Sunday, April 08, 2007
The World Wide Web, in conjunction with search engines, all of this together with Peer-to-Peer computing, and especially newer incarnations like Web 2.0 or 3.0, are kind of a geekolator’s realization of the mystic idea of astral projection. One ‘s thoughts or images (maybe holographic, at least animated or video) may be transmitted almost anywhere on the planet (even Saudi Arabia and China, surprisingly often) at the speed of light. Maybe in a couple decades years, it will be fifteen minutes to Mars, or about an hour or so to a base on Europa or Titan.
That presents an unprecedented situation, the free entry situation, which, as we know from stories about social networking sites especially, is starting to worry employers and all other kinds of interests, including the notorious RIAA. Even when a blog or profile is “whitelisted”, the viral “friends” process pretty much can give something provocative a worldwide distribution.
People are publishing themselves with absolutely no training or education in the legal risks. I saw the Miramax film “The Hoax” last night, about the false autobiography of Howard Hughes by Clifford Irving, and saw what the tortuous, bean-counting and bureaucratic process of getting published was three decades ago, and how a “writer” was a real professional, unfortunately all too often a hack to transmit someone else’s message. The film did project a certain irony.
It has gotten to the point that public school systems really should provide education on the legal concepts, which especially include copyright and defamation, as well as security concerns. Schools already, by necessity, have a handle on plagiarism and academic integrity (and even proper attribution of sources has to be taught). But we’ve all heard the horror stories of suits by record companies against kids and their parents, and the concerns of employers about job applicants defaming themselves “for fun” or even for political protest (“dreamcatching”) on their blogs and profiles. We’re even hearing about people not getting jobs because of searchable defamation posted by others.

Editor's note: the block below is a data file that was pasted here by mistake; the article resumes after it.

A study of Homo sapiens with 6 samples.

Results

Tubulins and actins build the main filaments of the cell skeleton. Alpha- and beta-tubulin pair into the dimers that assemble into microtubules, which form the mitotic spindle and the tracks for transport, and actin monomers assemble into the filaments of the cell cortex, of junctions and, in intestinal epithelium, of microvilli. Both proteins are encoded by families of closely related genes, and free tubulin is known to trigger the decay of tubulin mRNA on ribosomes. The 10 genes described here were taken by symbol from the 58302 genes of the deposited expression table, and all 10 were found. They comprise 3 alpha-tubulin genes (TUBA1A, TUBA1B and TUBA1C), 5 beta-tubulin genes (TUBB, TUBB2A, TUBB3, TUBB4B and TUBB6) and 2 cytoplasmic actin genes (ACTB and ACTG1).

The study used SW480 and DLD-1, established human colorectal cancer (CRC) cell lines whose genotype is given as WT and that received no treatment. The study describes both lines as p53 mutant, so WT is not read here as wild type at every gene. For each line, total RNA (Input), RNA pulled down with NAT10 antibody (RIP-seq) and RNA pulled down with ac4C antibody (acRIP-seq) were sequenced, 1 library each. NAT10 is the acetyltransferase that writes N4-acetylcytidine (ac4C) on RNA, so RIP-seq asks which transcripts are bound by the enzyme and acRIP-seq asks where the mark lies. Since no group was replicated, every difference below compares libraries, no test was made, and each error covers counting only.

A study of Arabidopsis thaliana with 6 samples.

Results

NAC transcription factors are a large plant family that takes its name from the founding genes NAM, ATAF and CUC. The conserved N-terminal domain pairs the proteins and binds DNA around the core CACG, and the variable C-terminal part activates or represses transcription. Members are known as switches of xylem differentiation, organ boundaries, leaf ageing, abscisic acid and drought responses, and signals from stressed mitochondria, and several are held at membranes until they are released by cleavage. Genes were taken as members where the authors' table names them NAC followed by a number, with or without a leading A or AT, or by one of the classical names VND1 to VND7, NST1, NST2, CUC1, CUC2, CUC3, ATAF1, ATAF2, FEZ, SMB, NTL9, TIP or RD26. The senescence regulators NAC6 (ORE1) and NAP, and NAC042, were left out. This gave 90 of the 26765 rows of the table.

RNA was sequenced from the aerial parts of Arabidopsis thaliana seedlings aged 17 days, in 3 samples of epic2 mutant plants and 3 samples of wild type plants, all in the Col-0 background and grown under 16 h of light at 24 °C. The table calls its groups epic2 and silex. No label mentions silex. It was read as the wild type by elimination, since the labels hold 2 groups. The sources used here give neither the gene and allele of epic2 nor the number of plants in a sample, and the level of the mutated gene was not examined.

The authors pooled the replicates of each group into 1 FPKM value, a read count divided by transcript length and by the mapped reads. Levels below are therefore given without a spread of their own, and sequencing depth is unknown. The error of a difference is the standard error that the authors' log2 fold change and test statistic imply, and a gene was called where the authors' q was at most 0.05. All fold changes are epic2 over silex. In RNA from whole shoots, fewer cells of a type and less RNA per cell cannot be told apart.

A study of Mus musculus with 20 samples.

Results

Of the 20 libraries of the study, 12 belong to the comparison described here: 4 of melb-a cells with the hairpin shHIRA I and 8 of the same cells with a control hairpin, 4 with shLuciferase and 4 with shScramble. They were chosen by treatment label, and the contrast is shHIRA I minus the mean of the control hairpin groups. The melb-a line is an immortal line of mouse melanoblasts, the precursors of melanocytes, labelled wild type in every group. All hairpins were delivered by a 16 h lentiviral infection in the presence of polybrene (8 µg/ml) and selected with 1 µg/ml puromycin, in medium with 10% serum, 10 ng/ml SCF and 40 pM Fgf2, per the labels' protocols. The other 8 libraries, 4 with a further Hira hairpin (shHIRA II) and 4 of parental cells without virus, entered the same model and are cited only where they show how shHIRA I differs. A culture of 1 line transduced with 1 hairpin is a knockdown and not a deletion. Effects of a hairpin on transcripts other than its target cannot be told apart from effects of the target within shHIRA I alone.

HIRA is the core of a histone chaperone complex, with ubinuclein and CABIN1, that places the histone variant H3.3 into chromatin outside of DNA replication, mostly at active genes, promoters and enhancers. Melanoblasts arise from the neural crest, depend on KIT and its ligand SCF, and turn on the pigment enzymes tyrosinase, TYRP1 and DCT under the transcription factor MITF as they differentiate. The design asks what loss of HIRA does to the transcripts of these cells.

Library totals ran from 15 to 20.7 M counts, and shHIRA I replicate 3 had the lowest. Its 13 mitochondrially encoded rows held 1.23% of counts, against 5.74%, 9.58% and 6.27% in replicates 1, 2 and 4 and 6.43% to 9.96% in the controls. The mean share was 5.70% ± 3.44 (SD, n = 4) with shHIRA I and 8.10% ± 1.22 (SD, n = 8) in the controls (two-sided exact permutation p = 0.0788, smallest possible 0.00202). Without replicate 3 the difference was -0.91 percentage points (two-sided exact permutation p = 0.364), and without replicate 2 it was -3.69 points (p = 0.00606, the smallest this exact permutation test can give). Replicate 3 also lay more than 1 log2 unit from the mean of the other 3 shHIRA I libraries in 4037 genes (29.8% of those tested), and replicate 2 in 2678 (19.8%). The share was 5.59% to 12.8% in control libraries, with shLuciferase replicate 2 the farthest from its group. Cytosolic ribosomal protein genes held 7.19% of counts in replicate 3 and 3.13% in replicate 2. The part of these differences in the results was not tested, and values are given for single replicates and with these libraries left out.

How would the curriculum be developed and when would it be taught? The most obvious place is probably English, starting no later than the tenth grade (ninth grade for honors, maybe even earlier). Social studies is the other place. Most schools teach world history in ninth or tenth grade, American history in eleventh, and government or civics in twelfth. Government class sounds like a logical place for more advanced instruction about copyright, defamation, privacy invasion, right of publicity, and even trade secrets, conflict of interest, and "implicit content". The other place is, of course, technology education (often taught at career centers or academies) but not all students take this. Some of these concepts are commonly taught in high school journalism (in conjunction with yearbook and the school paper), but not that many students take it.
American business – the software vendors and the media and music companies – should be proactive in helping to develop the curricula. It will be difficult for conventional textbooks to keep this kind of material current. Teachers themselves will need to be trained in the topics, which are sometimes quite tricky.